Alabama Senate Plans Changes to Nation's Strictest Immigration Law

The Alabama Senate plans to modify the state's immigration enforcement law --considered the strictest in the nation-- in a nod to concerns raised by business groups and political leaders about the measure.

The state Senate leadership plans to address changes on Tuesday.

Senate President Pro Tem Del Marsh, R-Anniston, said the Senate will take up a House-passed bill to revise the immigration law rather than one being pushed by Republican Sen. Scott Beason of Gardendale.

Marsh said the House-passed bill has had input from lots of groups and legislators and had always been the one the leadership plan to pursue.

Marsh predicted the Senate Judiciary Committee will approve Rep. Micky Hammon's bill on Wednesday, which will put it in line for Senate debate on Tuesday. He said the Senate may incorporate some of Beason's ideas into Hammon's bill.

Opponents complained that the Republican leadership is rushing through the bill without proper study, but Marsh said the legislative session is nearing an end.

The Senate Job Creation and Economic Development Committee voted 7-1 Tuesday to approve Beason's bill, which makes fewer changes in the law than the bill Republican Hammon of Decatur got passed in the House on April 19.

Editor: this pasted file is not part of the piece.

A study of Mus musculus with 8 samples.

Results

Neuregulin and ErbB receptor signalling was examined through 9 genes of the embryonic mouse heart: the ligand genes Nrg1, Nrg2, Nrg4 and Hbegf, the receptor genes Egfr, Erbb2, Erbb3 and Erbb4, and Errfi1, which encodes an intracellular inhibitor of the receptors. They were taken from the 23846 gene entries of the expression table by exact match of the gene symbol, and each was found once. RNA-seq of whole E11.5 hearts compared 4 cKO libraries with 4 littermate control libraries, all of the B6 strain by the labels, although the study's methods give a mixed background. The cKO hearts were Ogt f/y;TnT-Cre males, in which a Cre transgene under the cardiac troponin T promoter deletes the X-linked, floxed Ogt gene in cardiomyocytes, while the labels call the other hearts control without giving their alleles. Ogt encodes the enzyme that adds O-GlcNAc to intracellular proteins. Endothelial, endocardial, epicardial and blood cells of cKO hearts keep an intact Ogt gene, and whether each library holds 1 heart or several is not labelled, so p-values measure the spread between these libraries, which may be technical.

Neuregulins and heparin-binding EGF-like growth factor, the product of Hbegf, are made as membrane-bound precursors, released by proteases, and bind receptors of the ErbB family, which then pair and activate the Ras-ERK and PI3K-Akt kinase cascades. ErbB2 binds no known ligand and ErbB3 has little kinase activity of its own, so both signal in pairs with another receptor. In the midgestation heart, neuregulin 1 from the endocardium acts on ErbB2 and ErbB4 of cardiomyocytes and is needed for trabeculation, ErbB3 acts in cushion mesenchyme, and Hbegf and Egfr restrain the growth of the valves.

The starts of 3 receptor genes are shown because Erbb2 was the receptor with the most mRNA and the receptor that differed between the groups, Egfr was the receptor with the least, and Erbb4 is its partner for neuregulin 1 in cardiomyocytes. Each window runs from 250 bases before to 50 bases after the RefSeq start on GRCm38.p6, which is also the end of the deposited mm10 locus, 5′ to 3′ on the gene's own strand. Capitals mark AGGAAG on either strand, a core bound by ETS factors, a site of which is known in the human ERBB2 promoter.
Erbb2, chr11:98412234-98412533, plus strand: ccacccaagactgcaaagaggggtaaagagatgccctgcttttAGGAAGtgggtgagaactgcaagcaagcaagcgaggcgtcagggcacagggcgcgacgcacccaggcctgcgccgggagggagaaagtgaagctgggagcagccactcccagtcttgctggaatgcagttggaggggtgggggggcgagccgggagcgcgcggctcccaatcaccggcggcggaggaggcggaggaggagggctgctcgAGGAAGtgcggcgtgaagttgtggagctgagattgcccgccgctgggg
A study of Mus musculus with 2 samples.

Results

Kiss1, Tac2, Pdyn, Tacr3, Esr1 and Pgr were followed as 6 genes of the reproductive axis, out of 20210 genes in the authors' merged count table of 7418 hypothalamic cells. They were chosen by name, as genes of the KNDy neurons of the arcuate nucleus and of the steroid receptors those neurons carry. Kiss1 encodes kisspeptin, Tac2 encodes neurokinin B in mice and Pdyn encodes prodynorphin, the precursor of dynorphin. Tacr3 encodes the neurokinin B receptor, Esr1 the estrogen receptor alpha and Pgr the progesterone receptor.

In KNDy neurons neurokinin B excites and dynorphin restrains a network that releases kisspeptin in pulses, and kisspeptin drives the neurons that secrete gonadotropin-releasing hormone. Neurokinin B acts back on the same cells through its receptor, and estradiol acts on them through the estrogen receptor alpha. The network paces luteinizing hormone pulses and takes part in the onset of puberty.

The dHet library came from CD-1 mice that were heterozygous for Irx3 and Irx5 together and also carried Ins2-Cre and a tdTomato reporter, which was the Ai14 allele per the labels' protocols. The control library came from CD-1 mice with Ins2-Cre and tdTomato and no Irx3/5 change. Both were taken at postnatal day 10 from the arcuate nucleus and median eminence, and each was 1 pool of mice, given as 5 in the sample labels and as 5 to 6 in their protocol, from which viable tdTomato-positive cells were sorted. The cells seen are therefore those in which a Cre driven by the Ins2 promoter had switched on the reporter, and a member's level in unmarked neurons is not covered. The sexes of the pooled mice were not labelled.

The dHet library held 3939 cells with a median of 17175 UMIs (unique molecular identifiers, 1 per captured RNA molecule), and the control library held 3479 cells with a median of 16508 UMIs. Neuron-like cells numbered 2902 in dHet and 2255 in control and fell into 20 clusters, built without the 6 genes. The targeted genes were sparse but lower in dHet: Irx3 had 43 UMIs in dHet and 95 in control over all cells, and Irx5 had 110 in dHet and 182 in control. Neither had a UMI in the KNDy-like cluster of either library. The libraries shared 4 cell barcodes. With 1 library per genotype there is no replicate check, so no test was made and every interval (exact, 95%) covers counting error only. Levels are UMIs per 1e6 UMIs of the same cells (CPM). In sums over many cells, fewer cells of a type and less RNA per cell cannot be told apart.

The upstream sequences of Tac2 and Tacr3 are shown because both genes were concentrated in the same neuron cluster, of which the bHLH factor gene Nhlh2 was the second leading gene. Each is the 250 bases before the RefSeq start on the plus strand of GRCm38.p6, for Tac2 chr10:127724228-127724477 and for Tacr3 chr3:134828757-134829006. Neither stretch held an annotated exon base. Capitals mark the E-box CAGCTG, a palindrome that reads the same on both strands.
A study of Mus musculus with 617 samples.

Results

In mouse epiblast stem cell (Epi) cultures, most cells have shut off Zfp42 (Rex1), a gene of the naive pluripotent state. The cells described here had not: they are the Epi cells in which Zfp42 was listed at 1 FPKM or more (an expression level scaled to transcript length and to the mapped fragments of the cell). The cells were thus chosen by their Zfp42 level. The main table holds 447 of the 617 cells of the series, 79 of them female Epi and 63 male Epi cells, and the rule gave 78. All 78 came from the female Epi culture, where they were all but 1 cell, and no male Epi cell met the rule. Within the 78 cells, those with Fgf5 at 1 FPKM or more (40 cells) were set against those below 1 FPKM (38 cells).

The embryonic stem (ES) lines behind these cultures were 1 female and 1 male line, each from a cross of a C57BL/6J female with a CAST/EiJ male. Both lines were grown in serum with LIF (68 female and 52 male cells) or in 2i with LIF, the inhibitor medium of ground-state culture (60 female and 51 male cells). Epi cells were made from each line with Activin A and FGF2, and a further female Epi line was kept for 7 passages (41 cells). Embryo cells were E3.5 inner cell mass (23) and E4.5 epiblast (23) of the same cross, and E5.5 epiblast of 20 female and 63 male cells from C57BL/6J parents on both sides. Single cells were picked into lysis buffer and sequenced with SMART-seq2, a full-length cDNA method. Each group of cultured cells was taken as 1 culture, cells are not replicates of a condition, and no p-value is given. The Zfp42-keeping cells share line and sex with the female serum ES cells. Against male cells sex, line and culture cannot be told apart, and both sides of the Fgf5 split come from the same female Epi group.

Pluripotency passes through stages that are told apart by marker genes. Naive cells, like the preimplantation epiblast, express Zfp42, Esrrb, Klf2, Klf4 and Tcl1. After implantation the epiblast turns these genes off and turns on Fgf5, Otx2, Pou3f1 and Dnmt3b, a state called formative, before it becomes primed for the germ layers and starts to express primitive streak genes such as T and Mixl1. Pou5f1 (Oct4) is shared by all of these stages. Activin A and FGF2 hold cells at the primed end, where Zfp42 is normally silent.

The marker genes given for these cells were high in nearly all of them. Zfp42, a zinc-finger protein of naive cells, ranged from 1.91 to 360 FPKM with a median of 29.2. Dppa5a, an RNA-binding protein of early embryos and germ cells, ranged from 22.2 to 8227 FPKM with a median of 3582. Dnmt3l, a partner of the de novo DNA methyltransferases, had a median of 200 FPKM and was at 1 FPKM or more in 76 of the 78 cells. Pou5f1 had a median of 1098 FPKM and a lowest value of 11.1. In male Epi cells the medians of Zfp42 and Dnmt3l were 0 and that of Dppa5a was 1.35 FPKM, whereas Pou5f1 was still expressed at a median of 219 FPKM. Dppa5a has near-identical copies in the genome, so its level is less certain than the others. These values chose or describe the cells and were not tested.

Hammon and Beason sponsored the law that the Legislature enacted in June 2011, but they are taking different approaches to modifying it to address concerns raised by business groups and government officials.

Beason's bill doesn't change the section of the law that allows police officers to demand proof of citizenship during a traffic stop if they have reasonable suspicion of illegal immigration. Hammon restricts it to cases where an arrest occurs or ticket is issued. Beason said that part of Alabama's law matches Arizona's law, and it shouldn't be changed until the U.S. Supreme Court rules on Arizona's law.

Hammon's bill takes out a requirement for schools to check the residency status of new students, which has been put on hold by a federal court. Beason's bill leaves that section in the law.

Beason said he didn't want to make major changes while a legal challenge of Alabama's law is pending at the 11th U.S. Circuit Court of Appeals in Atlanta because the judges could rule that the law has been changed so much that the legal challenge must go back to a lower court to start over.

"If it got sent back down, we could go years without an anti-illegal immigration law," Beason said.

Both bills add a military ID to the acceptable forms of identification to prove legal residency. Beason's bill also clarifies a portion of the bill that requires proof of residency when conducting a business transaction with state, county and city government.

Beason's bill said identification is only needed for government-issued licenses and isn't necessary for ordinary transactions, such as signing up for water service or buying a ticket at a city civic center.

Democratic Sen. Linda Coleman of Birmingham, who cast the lone nay vote, said, "I don't think this bill fixes anything."

Immigrants concerned about the 2011 law overflowed the committee's tiny meeting room, which only seats about 20 spectators.

Raul Jiménez, a Mexican immigrant who does construction work in Clanton, said he has been saving money to open a restaurant, but the law makes him feel unwelcome in Alabama. He said the Legislature should repeal the law rather than approving Beason's or Hammon's changes.

"We want to help the economy in this beautiful state, but this law doesn't let us," he said.

This is based on a story by The Associated Press.